WITH fungicide resistance considered the next major threat in Australian grain production, global crop protection company Adama has gone on the front foot, encouraging the industry to develop an integrated approach to disease management.
Last week the company staged workshops in Esperance and at Curtin University, Perth, which were keenly attended by a strong contingent of the State’s agricultural advisers and agronomists.
Guest speakers included Geelong-based Nick Poole who is the managing director of the Foundation for Arable Research (FAR), and Dr Fran Lopez-Ruiz, fungicide resistance group leader at the Centre for Crop and Disease Management (CCDM) at Curtin University in WA.
The CCDM is a joint venture between the university and the Grains Research and Development Corporation and only recently opened new state-of-the-art facilities.
Adama WA market development manager Bevan Addison said the industry only needed to look at Europe where a heavy reliance on fungicides had created resistance issues due to lack of good management in the early stages.
Mr Addison said in WA, an intensive cereal rotation, due to limited rotational options, contributed to the increased likelihood of disease pressure and use of fungicides.
Dr Lopez-Ruiz updated the workshops on the different diseases showing resistance in a range of crops across Australia, including immediate concerns for powdery mildew and septoria blotch in cereals and recently with spot form net blotch in barley near Esperance.
He said the industry had traditionally been slow to respond to reduced fungicide efficacy and he encouraged adoption of integrated disease management strategies whenever possible, including selecting resistant crop varieties; rotating fungicide modes of action; selecting fungicide mixtures with different modes of action; as well as testing stubble or fresh leaf samples.
Mr Addison said there was a requirement for more widespread testing and the CCDM facility was now available to the industry.
Mr Poole discussed the development of disease and resistance over the life of a crop, spraying applications and the particular timing of treatments for best disease control, and he provided an update on fungicide modes of action, their activity and different disease targets.
He said relevant disease levels, crop growth stage, crop conditions and fungicide timing windows all needed to be considered to assist correct spraying decisions.
“Making the most money out of fungicide and getting the best disease control can be two different things,’’ Mr Poole said.
He undertakes independent work for Adama as part of its ongoing development program.
“A lot of guys want to put fungicides in with herbicides, but sometimes you may get better impact from an in-furrow treatment,” Mr Poole said.
“With some diseases, the emergence of the ‘money leaves’ on the main stem and getting fungicide applications in that window will give best results.’’
With resistance, there can be confusion between herbicide and fungicide resistance and while it is often considered that increasing application rates is a good measure against herbicide resistance, Mr Poole said research data did not support this in the case of fungicide resistance.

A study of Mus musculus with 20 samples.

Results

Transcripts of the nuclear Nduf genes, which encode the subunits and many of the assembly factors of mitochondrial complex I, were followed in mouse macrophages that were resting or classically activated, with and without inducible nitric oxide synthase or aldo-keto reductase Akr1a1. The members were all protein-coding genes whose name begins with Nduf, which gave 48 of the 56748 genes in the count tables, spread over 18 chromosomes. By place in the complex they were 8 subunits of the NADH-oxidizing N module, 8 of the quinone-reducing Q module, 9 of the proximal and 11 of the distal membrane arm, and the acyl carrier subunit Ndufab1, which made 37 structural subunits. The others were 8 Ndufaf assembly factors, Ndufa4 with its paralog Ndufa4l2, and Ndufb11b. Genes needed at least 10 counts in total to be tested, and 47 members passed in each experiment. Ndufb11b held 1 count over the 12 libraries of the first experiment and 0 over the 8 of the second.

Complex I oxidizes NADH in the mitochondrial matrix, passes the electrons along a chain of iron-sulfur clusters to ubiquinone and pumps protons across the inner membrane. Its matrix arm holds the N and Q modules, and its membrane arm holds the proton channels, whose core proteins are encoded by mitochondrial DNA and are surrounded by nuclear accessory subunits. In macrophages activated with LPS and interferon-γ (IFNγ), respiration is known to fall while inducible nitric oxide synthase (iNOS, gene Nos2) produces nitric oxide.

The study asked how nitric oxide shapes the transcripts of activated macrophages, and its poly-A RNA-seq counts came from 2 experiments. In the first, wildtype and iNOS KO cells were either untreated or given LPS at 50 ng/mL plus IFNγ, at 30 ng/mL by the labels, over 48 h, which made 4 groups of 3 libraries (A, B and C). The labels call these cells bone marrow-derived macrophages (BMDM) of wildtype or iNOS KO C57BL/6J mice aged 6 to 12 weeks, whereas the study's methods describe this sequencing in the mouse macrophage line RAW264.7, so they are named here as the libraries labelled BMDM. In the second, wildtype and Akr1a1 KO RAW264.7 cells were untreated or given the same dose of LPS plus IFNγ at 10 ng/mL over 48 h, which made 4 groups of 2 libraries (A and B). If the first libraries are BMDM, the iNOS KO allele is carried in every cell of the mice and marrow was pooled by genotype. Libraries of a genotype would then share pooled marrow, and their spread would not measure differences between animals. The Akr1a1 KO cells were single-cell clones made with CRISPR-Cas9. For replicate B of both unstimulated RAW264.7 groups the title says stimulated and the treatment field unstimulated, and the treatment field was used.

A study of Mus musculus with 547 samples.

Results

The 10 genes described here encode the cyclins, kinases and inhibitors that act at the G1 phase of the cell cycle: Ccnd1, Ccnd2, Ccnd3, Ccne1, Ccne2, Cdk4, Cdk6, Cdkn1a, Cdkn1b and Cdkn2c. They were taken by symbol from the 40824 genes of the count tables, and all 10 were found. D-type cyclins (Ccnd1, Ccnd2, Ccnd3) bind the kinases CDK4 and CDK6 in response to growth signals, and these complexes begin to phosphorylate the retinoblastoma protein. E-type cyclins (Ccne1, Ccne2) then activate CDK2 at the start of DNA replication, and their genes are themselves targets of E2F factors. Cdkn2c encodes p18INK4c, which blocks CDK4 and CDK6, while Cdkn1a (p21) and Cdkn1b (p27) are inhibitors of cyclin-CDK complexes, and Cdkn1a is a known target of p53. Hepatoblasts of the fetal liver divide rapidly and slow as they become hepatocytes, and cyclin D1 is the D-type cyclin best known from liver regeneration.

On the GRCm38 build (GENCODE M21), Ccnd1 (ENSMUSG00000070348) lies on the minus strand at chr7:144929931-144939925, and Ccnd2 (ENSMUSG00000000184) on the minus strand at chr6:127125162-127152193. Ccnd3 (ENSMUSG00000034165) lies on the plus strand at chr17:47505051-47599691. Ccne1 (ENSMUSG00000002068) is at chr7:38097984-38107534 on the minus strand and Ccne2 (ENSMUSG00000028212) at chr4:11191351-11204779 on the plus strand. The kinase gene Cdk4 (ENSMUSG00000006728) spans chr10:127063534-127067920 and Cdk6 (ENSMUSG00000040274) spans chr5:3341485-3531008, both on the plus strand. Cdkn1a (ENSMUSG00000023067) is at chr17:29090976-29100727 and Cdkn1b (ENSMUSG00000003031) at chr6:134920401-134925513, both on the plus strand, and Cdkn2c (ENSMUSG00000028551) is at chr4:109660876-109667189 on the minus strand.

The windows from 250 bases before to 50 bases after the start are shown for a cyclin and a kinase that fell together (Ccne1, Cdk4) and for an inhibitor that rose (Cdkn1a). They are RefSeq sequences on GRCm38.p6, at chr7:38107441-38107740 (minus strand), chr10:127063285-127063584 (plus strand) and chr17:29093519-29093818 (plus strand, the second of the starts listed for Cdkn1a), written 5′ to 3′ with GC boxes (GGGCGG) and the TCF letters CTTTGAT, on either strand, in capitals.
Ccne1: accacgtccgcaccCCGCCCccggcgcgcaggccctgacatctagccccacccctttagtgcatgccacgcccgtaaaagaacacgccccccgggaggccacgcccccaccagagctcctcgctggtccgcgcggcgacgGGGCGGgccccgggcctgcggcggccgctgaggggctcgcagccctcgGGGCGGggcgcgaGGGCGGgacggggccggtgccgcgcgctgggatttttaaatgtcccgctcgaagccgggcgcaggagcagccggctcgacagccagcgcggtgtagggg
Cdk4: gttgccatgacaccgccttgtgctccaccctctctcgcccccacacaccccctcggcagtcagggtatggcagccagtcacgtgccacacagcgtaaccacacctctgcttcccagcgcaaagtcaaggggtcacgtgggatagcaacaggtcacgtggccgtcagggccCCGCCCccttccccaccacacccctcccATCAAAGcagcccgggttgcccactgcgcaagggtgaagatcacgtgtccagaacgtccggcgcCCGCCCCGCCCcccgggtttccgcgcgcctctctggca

“Increasing the rate, leading to better control, might be desirable, but it’s not necessarily an anti-resistance measure when it comes to fungicide resistance.’’
Mr Poole said the fact there were fewer active ingredients available to the industry meant they would come under increasing pressure, and he encouraged advisers and consultants to “keep on top’’ of active ingredients and loadings.
Different active ingredients have different levels of resistance risk, with some, such as DeMethylation Inhibitors (DMI) fungicides, only slowly becoming less effective, while others, such as strobilurin fungicides, develop resistance and become completely resistant quickly.
Mr Addison said Adama would continue to work closely with industry and invest in the training of key influencers in an effort to help sustain the limited range of fungicides used in Australia and provide solutions to growers.
“Adama has a suite of products that can provide solutions at most points in the season, however, as an industry, we need to develop integrated long-term strategies around fungicide use from seeding right through the life of the crop,’’ Mr Addison said.
“The company is looking globally for alternative fungicide options and is constantly screening active ingredients and mixes that will suit the local disease spectrum and cropping systems in Australia.’’
Dr Lopez-Ruiz said there also was an opportunity for companies to review existing chemistries and the recycling of compounds, which was another strong focus area for Adama.
Mr Addison said Adama was continuing to invest in ongoing development of older active ingredients, recently illustrated by the release of its high load propiconazole product, Bumper 625, which now allows for mixing of propiconazole fungicides more readily and with greater crop safety.
“It allows growers a one-pass solution, whereas previously with older formulations, they were very wary of crop scorch,” Mr Addison said.
He said it had two and a half times the loading with less solvent, meaning it had a lower use rate and much lower solvent application, providing benefits to growers and also to the environment, with less solvent, drum disposal and transport.’
Mr Addison said when developing a dual mode of action product, the company was striving to achieve the ideal ratio of high and low risk fungicides to help prevent unnecessary pressure on the higher risk fungicides, like strobilurin.